Computer science was the highest paying field of study, with average salaries reaching $92,300 nationally. It was followed by visual art ($90,390), sociology ($87,900), industrial engineering and management science ($85,800), and business management and administration ($83,700).
The US job market is tightening, which is good for professionals, according to LinkedIn's chief economist Guy Berger. "The unemployment rate is the lowest it's been since 2001, and the percentage of prime working age adults who are employed is the highest it's been since 2008," Berger said in a press release.
The tech sector alone added some 9,600 new jobs in July, led by the creation of about 4,900 positions in IT and software services, and computer system design, according to a recent CompTIA report.
While the job market's steady improvement over the past year hasn't been consistent across all industries and positions, we have seen improvement for workers across skill levels, industries, and regions, Berger said. Bargaining power for many workers has increased, which opens the door to raises and greater economic opportunities, he added.
While salary is a key factor in most career decisions, many job candidates lack information on what constitutes fair compensation for their experience level and position. To give job seekers more visibility, LinkedIn examined data from more than 2 million of its members to determine how salaries vary by job title, education level and field of study, location, company size, and industry.
Salaries also differed based on company size, on average increasing as the number of employees increases. At the lower end, the average salary of an employee at a company with 1 to 200 workers was $72,600, while at the higher end, the average salary at a company with more than 10,000 employees was $90,600.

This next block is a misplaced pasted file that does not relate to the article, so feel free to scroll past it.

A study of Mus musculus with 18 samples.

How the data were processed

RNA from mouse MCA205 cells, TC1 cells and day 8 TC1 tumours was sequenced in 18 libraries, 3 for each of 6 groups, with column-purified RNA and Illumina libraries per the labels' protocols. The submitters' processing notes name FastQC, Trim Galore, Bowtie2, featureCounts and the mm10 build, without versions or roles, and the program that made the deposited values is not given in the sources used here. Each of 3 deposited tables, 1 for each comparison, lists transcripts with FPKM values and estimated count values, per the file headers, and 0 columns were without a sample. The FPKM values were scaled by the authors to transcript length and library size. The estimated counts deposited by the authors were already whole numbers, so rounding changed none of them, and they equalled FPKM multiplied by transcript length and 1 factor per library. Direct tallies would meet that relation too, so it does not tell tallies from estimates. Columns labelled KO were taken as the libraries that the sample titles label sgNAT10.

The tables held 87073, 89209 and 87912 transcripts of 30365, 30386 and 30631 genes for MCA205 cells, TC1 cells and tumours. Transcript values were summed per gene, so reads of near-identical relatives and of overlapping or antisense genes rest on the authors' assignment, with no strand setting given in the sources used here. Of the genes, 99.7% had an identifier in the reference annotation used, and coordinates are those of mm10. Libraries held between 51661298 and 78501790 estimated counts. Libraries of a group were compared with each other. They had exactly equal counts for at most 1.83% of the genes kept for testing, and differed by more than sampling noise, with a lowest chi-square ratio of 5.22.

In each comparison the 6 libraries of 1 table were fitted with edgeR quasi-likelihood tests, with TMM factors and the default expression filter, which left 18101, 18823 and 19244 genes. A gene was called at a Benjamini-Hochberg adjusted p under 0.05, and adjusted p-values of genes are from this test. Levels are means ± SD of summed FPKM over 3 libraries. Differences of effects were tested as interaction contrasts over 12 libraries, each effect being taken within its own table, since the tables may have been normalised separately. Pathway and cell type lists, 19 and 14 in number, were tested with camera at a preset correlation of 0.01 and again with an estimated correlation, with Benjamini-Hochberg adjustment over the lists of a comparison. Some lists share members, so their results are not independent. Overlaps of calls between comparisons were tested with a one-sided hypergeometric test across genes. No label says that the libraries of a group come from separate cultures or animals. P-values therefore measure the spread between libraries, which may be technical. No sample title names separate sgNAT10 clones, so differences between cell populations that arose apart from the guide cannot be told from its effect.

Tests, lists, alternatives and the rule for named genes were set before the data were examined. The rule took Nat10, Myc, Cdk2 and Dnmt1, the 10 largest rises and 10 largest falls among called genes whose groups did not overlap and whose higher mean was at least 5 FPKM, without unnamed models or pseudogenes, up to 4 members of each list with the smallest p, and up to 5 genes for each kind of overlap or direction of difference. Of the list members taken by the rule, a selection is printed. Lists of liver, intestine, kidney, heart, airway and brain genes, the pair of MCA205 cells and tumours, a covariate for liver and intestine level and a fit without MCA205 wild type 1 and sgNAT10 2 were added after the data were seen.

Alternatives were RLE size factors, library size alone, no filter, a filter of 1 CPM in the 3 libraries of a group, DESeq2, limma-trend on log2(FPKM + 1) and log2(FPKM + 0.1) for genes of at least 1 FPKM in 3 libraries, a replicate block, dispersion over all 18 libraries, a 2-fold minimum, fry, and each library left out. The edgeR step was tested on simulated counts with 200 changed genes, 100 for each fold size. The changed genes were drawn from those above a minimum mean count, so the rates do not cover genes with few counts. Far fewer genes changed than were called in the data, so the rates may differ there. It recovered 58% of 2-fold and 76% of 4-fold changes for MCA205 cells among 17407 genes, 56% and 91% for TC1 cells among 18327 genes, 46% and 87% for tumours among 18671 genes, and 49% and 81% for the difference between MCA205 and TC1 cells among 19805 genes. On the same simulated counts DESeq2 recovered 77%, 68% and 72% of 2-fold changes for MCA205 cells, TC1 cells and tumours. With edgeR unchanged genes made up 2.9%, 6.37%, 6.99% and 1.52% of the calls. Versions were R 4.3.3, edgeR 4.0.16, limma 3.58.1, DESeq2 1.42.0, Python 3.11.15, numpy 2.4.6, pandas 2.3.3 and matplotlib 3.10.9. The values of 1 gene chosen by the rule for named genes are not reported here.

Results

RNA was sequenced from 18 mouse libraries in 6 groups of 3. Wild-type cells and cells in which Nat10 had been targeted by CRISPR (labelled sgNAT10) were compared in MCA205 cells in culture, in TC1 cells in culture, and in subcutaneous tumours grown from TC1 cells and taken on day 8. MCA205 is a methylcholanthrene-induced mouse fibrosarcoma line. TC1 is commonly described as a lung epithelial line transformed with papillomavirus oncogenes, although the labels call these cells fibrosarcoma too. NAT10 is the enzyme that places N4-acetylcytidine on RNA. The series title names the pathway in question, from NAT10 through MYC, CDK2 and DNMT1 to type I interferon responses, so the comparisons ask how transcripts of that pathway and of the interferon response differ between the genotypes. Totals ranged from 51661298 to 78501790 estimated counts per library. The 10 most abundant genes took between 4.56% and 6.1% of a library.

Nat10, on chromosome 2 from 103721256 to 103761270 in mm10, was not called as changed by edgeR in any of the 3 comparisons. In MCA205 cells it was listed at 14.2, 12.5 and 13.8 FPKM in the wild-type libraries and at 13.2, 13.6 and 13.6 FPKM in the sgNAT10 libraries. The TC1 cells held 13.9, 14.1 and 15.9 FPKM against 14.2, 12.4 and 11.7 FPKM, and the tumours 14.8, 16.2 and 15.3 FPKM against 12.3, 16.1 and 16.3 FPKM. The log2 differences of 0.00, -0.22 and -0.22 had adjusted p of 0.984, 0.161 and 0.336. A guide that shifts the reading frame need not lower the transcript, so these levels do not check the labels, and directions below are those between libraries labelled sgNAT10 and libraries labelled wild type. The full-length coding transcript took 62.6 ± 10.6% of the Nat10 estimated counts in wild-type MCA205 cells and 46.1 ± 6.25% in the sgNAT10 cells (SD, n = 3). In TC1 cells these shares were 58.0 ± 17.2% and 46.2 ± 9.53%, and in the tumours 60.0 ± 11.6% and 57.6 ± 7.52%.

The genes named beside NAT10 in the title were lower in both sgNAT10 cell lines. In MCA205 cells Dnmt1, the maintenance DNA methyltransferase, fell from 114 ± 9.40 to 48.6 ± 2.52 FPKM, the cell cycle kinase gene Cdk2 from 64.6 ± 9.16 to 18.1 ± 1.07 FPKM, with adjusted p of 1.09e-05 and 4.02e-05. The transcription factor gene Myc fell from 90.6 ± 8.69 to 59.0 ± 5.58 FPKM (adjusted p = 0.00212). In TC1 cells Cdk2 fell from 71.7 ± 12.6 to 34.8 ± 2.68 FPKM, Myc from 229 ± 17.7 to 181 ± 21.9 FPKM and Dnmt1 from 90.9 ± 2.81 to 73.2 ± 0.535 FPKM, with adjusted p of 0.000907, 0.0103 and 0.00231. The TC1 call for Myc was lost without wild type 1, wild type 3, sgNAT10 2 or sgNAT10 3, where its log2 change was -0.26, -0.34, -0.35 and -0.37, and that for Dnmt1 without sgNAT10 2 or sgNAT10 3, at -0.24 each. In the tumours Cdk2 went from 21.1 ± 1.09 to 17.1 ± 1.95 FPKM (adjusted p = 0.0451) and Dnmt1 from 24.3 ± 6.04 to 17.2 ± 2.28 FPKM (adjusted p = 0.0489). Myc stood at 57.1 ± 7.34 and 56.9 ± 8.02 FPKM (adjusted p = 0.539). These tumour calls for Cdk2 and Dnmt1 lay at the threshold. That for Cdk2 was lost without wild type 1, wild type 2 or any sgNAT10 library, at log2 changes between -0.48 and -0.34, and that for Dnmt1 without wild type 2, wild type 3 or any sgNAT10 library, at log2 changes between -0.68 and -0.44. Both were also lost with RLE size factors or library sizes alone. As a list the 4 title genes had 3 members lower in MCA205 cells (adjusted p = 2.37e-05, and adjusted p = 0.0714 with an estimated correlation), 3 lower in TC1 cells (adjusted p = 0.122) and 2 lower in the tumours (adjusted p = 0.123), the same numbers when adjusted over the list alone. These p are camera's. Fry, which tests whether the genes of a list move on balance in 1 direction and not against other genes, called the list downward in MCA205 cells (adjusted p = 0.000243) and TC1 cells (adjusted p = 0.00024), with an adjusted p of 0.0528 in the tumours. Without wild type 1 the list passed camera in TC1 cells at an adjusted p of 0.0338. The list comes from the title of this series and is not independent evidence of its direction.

However, individual tech position salaries varied by company size: For example, CTOs were paid highest at companies with 201 to 1,000 employees, while technical consultants were paid highest at companies with 1,001 to 10,000 employees.
In terms of geography, San Francisco pays higher average salaries than any other city in the US, with median total compensation across positions and industries reaching $112,400. In San Francisco, 62% of director of IT positions net a salary higher than the national average of $125,000. San Francisco was followed in terms of overall pay by Seattle, Washington DC, New York City, and Boston.
Overall, jobs in medicine pay the highest salaries, with the no. 1 position being orthopaedic surgeon, with an average salary of $450,000. However, once you reach the top ranks in business, salaries are also quite high, the report stated. Leadership roles in finance, sales, tax, human resources, strategy, supply chain, research and development, marketing, and legal are also very lucrative.
Want to use this data in your next business presentation? Feel free to copy and paste these top takeaways into your next slideshow.
- Software and IT services topped the list of highest paying industries in the US, with average salaries reaching $104,700. -LinkedIn, 2017
- Computer science was the highest paying field of study in the US, with average salaries reaching $92,300. -LinkedIn, 2017
- San Francisco pays higher average salaries than any other city in the US, with median total compensation across positions and industries reaching $112,400. -LinkedIn, 2017
- The top 5 IT certifications that will increase your salary (TechRepublic)
- The 3 most in-demand cybersecurity jobs of 2017 (TechRepublic)
- How many of these does your boss do? Four ways to create a happy and creative team (ZDNet)
- The 10 workplace perks that tech professionals want the most (TechRepublic)
- How to leave your job on good terms: 5 tips (TechRepublic)
- Project Management (PMP) Certification Training (TechRepublic Academy)
Alison DeNisco Rayome has nothing to disclose. She does not hold investments in the technology companies she covers.
Alison DeNisco Rayome is a Senior Editor for TechRepublic. She covers CXO, cybersecurity, and the convergence of tech and the workplace.